Subscribe to the Real Truth for FREE news and analysis.Subscribe Now
The number of people in the United Kingdom dying from alcohol-related problems continues to rise. Figures released by National Statistics shows that alcohol-related deaths among men rose from 13.4 deaths per 100,000 in 2006 to 18.3 per 100,000 in 2007. This is twice the rate among women, which is at 8.8 deaths per 100,000.
The biggest increase was for men ages 34-54—more than 100% in the past year. Meanwhile, women between the ages of 55 and 74 showed the highest gains. It is reported that in the age group 16-24 women regularly drink twice the recommended daily limit. This is worrying to many in the medical profession, as there is evidence that health problems such as cirrhosis of the liver develop more quickly in women than in men.
Frank Soodeen, of the charity Alcohol Concern, said, “The link between alcohol misuse and ill health is well established.”
He added, “It appears that for certain people who’ve been drinking heavily for most of their lives, the consequences are beginning to show themselves at ever earlier stages” (BBC).
Dr. Christopher Record, a liver disease consultant based in Newcastle, said, “There is terrific pressure in society for people to drink. Those that don’t drink are considered to be freaks and abnormal” (ibid.).
It was noted that one of the main reasons people are drinking more alcohol is because it is cheap: Alcohol now is 50% less expensive than it was 25 years ago, and, consumption has gone up by 50% pro rata. This was also confirmed by Sarah Matthews, of the British Liver Trust, who said that alcohol was cheap, readily available and glamorized by celebrities.
Professor Ian Gilmore, president of the Royal College of Physicians, was particularly concerned by the rise in deaths among women. “My colleagues and I are certainly seeing more women with serious liver damage than ever before in our clinics,” he said.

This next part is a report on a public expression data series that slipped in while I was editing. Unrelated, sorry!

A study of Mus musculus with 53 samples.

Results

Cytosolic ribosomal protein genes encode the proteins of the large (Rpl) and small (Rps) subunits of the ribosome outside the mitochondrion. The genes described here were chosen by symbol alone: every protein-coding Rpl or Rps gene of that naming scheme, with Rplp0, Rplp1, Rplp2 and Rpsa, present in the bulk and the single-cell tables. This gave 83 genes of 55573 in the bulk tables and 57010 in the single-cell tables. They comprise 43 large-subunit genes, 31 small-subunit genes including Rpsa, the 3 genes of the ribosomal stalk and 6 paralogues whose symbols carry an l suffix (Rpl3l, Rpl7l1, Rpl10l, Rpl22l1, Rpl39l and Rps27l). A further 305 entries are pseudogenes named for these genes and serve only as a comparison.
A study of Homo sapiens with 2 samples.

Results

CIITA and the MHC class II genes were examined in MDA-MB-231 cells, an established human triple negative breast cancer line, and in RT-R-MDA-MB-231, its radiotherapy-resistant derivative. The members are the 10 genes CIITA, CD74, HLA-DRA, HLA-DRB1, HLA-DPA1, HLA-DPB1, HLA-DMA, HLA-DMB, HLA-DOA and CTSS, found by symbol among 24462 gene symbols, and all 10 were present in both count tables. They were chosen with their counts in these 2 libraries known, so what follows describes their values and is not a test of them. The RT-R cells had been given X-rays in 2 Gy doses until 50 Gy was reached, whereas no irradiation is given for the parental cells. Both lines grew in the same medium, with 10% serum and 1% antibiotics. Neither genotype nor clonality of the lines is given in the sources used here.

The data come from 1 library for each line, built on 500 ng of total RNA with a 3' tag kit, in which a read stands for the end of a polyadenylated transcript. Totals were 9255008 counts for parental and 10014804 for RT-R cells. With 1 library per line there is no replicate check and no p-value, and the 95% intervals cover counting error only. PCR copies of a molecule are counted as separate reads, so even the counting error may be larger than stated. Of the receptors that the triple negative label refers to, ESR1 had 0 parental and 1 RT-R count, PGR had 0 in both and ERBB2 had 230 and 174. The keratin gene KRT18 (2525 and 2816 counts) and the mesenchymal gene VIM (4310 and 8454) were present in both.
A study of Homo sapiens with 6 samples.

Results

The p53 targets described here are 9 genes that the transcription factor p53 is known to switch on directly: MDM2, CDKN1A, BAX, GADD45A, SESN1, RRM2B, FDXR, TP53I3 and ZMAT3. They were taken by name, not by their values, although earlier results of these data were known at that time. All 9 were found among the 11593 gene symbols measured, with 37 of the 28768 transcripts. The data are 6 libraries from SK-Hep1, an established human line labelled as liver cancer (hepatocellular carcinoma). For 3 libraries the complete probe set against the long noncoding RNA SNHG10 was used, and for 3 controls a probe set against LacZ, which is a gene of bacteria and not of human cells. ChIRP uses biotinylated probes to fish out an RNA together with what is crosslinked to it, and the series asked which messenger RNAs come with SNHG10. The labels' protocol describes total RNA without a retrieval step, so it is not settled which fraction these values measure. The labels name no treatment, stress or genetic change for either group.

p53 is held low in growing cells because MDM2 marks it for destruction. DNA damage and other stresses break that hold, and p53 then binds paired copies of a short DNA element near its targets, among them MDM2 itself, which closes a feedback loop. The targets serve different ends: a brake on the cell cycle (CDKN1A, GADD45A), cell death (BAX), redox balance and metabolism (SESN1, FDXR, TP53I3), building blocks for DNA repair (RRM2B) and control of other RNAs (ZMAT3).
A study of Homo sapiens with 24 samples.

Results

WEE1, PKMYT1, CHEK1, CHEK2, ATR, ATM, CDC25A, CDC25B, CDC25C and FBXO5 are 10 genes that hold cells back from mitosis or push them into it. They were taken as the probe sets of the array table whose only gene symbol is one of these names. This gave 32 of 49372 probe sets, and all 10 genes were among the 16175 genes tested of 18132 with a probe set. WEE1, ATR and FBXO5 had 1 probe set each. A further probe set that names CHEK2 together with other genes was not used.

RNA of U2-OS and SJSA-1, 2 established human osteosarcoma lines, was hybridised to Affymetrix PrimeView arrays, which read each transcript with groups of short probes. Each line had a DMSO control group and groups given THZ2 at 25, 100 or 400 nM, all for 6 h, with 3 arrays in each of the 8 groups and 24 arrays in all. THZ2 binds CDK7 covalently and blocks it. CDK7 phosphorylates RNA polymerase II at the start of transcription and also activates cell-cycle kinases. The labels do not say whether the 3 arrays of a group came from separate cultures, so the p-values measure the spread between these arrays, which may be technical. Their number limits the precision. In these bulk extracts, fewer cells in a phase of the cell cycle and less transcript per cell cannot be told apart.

Public Health Minister Dawn Primarolo said the government was launching a £10m education campaign to raise awareness of alcohol’s potential dangers, and reviewing alcohol pricing and promotion. “The government desperately needs to take a tougher approach with the alcohol and retail industry, clamping down on cheap promotions and irresponsible advertising—particularly before the 9 p.m. watershed” (ibid.).
It was also said that alcohol should contain clear warnings, such as “Alcohol kills,” in addition to tougher enforcement on retailers who sell to underage drinkers. Alcohol Concern has put the price of alcohol abuse in Britain at £3.3 billion a year in sickness absence, unemployment and premature deaths. The cost to the NHS is estimated at £200 million.
More people die in Britain today from alcohol related illness than from drug abuse. As the consumption of alcohol increases alarmingly, the costs to the health service and industry are running into billions of pounds.